Control of Emi2 activity and stability through Mos-mediated recruitment of PP2A.


Before fertilization, vertebrate eggs are arrested in meiosis II by cytostatic factor (CSF), which holds the anaphase-promoting complex (APC) in an inactive state. It was recently reported that Mos, an integral component of CSF, acts in part by promoting the Rsk-mediated phosphorylation of the APC inhibitor Emi2/Erp1. We report here that Rsk phosphorylation of Emi2 promotes its interaction with the protein phosphatase PP2A. Emi2 residues adjacent to the Rsk phosphorylation site were important for PP2A binding. An Emi2 mutant that retained Rsk phosphorylation but lacked PP2A binding could not be modulated by Mos. PP2A bound to Emi2 acted on two distinct clusters of sites phosphorylated by Cdc2, one responsible for modulating its stability during CSF arrest and one that controls binding to the APC. These findings provide a molecular mechanism for Mos action in promoting CSF arrest and also define an unusual mechanism, whereby protein phosphorylation recruits a phosphatase for dephosphorylation of distinct sites phosphorylated by another kinase.






Wu, Judy Qiju, David V Hansen, Yanxiang Guo, Michael Zhuo Wang, Wanli Tang, Christopher D Freel, Jeffrey J Tung, Peter K Jackson, et al. (2007). Control of Emi2 activity and stability through Mos-mediated recruitment of PP2A. Proc Natl Acad Sci U S A, 104(42). pp. 16564–16569. 10.1073/pnas.0707537104 Retrieved from


Assoc VP, Research

Sally A. Kornbluth

Jo Rae Wright University Distinguished Professor Emerita

Our lab studies the regulation of complex cellular processes, including cell cycle progression and programmed cell death (apoptosis). These tightly orchestrated processes are critical for appropriate cell proliferation and cell death, and when they go awry can result in cancer and degenerative disorders. Within these larger fields, we have focused on understanding the cellular mechanisms that prevent the onset of mitosis prior to the completion of DNA replication, the processes that prevent cell division when the mitotic spindle is disrupted, the signaling pathways that prevent apoptotic cell death in cancer cells and the mechanisms that link cell metabolism to cell death and survival.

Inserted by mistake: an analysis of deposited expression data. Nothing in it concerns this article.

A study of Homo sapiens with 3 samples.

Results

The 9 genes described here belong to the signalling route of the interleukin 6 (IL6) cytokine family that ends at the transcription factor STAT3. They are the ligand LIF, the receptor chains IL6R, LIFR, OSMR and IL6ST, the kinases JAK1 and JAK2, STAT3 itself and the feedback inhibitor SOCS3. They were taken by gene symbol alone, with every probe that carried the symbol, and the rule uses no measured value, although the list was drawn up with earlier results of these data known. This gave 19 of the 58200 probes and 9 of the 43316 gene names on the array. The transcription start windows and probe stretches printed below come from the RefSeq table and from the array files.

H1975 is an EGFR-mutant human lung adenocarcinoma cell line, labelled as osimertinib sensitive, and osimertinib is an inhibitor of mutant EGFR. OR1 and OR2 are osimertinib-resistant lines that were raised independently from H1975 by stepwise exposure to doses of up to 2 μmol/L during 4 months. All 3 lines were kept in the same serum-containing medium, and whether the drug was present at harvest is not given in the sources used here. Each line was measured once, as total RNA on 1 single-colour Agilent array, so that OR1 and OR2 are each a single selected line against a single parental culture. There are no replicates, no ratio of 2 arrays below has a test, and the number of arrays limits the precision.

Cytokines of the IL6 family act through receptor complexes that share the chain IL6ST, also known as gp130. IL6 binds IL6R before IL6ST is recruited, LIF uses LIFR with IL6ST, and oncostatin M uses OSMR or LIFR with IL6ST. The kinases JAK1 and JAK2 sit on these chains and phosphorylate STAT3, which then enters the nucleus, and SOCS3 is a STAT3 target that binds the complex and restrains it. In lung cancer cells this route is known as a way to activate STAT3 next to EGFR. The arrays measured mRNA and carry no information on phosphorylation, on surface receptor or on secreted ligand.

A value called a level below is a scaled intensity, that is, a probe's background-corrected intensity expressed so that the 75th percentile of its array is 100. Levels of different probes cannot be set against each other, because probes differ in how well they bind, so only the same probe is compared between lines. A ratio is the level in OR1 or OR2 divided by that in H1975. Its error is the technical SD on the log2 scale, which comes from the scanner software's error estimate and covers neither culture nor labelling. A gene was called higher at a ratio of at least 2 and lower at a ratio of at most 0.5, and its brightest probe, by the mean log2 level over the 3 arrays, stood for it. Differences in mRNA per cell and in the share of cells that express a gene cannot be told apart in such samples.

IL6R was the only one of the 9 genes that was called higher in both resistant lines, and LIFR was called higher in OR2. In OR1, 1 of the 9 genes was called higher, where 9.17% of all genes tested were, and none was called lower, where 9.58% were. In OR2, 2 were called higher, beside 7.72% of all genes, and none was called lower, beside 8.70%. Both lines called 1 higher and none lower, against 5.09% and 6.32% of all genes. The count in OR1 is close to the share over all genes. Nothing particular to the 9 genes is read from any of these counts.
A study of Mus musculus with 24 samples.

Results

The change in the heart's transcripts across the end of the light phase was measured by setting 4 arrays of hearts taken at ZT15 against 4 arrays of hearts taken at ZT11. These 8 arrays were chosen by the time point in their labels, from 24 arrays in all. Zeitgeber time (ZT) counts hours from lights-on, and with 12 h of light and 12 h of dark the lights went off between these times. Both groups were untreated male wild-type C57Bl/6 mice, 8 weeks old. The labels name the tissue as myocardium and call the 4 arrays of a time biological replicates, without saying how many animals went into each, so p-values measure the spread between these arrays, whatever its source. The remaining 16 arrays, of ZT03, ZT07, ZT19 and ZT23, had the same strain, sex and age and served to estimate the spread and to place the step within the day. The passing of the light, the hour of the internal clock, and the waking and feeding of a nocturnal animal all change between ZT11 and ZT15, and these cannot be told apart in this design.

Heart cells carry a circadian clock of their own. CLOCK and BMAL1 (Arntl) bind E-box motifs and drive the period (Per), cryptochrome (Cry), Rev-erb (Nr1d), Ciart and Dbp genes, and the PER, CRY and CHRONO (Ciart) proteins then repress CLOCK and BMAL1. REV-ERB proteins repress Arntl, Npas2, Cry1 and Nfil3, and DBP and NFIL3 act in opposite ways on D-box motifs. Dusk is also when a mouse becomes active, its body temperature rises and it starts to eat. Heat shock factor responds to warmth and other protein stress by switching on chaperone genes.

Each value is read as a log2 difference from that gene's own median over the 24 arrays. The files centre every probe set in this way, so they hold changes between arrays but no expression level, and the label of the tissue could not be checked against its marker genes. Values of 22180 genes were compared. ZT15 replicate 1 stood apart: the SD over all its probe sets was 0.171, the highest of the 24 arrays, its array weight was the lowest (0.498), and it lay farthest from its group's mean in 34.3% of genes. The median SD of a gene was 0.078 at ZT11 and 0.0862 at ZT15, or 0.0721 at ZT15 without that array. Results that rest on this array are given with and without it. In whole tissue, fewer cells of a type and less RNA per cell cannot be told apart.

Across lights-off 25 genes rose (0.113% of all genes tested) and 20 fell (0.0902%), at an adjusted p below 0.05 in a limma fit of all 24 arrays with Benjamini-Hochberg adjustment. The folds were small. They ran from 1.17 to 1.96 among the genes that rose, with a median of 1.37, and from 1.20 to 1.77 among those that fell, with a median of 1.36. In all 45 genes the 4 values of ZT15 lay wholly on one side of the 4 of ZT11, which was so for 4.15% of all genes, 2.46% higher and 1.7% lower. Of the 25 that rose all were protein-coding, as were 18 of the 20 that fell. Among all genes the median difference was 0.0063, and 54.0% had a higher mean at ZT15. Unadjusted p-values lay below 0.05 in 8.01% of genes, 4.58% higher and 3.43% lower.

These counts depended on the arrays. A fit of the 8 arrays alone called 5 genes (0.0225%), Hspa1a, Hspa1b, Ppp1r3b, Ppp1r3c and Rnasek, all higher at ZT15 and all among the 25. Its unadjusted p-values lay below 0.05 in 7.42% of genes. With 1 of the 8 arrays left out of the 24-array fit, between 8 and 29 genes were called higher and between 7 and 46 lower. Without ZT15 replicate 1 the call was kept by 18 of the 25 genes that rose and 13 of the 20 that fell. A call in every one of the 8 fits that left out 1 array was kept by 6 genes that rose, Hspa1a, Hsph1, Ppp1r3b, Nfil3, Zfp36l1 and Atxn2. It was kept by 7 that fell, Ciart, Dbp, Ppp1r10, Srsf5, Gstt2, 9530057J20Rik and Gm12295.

In our quest to answer these important cell biological and biochemical questions, we are varied in our use of experimental systems.   Traditionally, we have used cell-free extracts prepared from eggs of the frog Xenopus laevis which can recapitulate cell cycle events and apoptotic processes in vitro. For the study of cell cycle events, extracts are prepared which can undergo multiple rounds of DNA replication and mitosis in vitro. Progression through the cell cycle can be monitored by microscopic observation of nuclear morphology and by biochemically assaying the activity of serine/threonine kinases which control cell cycle transitions.

For the study of apoptosis, modifications in extract preparation have allowed us to produce extracts which can apoptotically fragment nuclei and can accurately reproduce the biochemical events of apoptosis, including internucleosomal DNA cleavage and activation of apoptotic proteases, the caspases.

More recently, we have focused on studying apoptosis and cell cycle progression in mammalian models, both tissue culture cells and mouse models of cancer.  In these studies, we are trying to determine the precise signaling mechanisms used by cancer cells to accelerate proliferation and evade apoptotic cell death mechanisms.   We also endeavor to subvert these mechanisms to therapeutic advantage.   We are particularly interested in links between metabolism and cell death, as high metabolic rates in cancer cells appear to suppress apoptosis to evade chemotherapy-induced cell death.

Finally, we also have several projects using the facile genetics of Drosophila melanogaster to further understand links between metabolism and cell death and also the ways in which mitochondrial dynamics are linked to apoptotic pathways.